I wrote the previous essay while laboring under the misapprehension that “Say Goodbye” was on Cloud Factory. 
Right now I only have the Cloud Factory songs on an eponymous CD that Link Records put out in 1989, which compiles O Positive’s first two EPs.  Instead of putting them in the correct running order, however, Link Records reshuffled the track listing so that the songs were out of the original EP sequencing.  This may have served some purpose on the album’s original release, but it poses unnecessary challenges to those writing about the band so long after the fact.  (Hi there!) 
The reshuffling also illustrates some of the incorrect assumptions I’d made about the development of the band’s style.  The three songs that are so quintessentially of the first album – “With You”, “Up Up Up”, and “Weight of Days” – have a very internal, contemplative quality.  This comes through in the lyrics, which have a great universal specificity (think of the “it’s our five-week anniversary” line in “With You”), and the insular, echoing guitar sound and cocoon-like production italicize that mood.  By contrast, “Say Goodbye” has a more universal approach.  Like many great pop songs, it could be about a romantic breakup.  It could also be about leaving a rock band you helped form, or matriculating from a tough middle school and hoping for a clean slate at the high school next year.  The ping-ponging riff that opens the song, the way the guitar parts layer over one another, and the hummable, major-key melody all give the song a more polished approach, one that I’d associated with the less downcast follow-up EP. 
In listening to the first two EPs, the contrast between the guitar lines and vocals and lyrics gave the songs a challenging, engaging quality.  Herlihy and Pettiti wrote from two lyrical perspectives: being mired in depression and indecision, or recognizing that something isn’t right and feeling determined to change it.  Because the moodier tracks cast such a shadow, it’s tempting to see Only Breathing in terms of the former.  Conversely, “Pictures” sounds like a later O Positive song because of the proactive point of view (“It’s time to start/And what is that sound…?”).  That determination is one that would become more prominent on the band’s later albums, particularly on Home Sweet Head.  Throughout both EPs, Pettiti’s guitar work recalls quotidian non-musical sounds, like bird calls or Morse Code, that it counters the very human point of view espoused in the lyrics.  The reverb-drenched production and the tight arrangements envelop the vocals, which emphasizes the hopeless mood of the more melancholy tunes and minimizes the need for escape that permeates the less downcast numbers.  Particularly on the earlier numbers, the push/pull between the need to escape and the overwhelming sonics gave the songs this overwhelming, cathartic quality that made them a staple in Boston-area record collections.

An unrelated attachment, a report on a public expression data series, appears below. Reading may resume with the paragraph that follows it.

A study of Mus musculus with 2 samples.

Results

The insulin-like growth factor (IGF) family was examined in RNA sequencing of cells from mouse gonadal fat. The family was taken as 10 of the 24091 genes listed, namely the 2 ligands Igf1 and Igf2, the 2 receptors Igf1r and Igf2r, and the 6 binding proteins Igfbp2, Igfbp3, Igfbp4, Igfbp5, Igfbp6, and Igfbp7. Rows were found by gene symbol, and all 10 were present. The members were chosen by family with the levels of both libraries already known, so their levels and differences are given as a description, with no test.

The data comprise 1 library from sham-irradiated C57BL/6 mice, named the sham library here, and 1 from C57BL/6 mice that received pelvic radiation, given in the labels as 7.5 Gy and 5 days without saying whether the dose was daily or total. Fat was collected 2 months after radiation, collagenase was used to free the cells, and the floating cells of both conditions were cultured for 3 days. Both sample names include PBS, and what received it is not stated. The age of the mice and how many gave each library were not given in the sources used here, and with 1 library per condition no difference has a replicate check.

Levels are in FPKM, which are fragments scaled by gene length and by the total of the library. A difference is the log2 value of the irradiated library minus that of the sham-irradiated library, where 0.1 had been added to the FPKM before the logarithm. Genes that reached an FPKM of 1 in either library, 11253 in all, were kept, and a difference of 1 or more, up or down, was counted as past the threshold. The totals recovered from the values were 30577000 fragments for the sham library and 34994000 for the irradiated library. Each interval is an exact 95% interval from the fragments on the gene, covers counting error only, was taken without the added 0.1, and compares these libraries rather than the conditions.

I wrote the previous essay while laboring under the misapprehension that “Say Goodbye” was on Cloud Factory. 

Right now I only have the Cloud Factory songs on an eponymous CD that Link Records put out in 1989, which compiles O Positive’s first two EPs.  Instead of putting them in the correct running order, however, Link Records reshuffled the track listing so that the songs were out of the original EP sequencing.  This may have served some purpose on the album’s original release, but it poses unnecessary challenges to those writing about the band so long after the fact.  (Hi there!) 

The reshuffling also illustrates some of the incorrect assumptions I’d made about the development of the band’s style.  The three songs that are so quintessentially of the first album – “With You”, “Up Up Up”, and “Weight of Days” – have a very internal, contemplative quality.  This comes through in the lyrics, which have a great universal specificity (think of the “it’s our five-week anniversary” line in “With You”), and the insular, echoing guitar sound and cocoon-like production italicize that mood.  By contrast, “Say Goodbye” has a more universal approach.  Like many great pop songs, it could be about a romantic breakup.  It could also be about leaving a rock band you helped form, or matriculating from a tough middle school and hoping for a clean slate at the high school next year.  The ping-ponging riff that opens the song, the way the guitar parts layer over one another, and the hummable, major-key melody all give the song a more polished approach, one that I’d associated with the less downcast follow-up EP. 

In listening to the first two EPs, the contrast between the guitar lines and vocals and lyrics gave the songs a challenging, engaging quality.  Herlihy and Pettiti wrote from two lyrical perspectives: being mired in depression and indecision, or recognizing that something isn’t right and feeling determined to change it.  Because the moodier tracks cast such a shadow, it’s tempting to see Only Breathing in terms of the former.  Conversely, “Pictures” sounds like a later O Positive song because of the proactive point of view (“It’s time to start/And what is that sound…?”).  That determination is one that would become more prominent on the band’s later albums, particularly on Home Sweet Head.  Throughout both EPs, Pettiti’s guitar work recalls quotidian non-musical sounds, like bird calls or Morse Code, that it counters the very human point of view espoused in the lyrics.  The reverb-drenched production and the tight arrangements envelop the vocals, which emphasizes the hopeless mood of the more melancholy tunes and minimizes the need for escape that permeates the less downcast numbers.  Particularly on the earlier numbers, the push/pull between the need to escape and the overwhelming sonics gave the songs this overwhelming, cathartic quality that made them a staple in Boston-area record collections.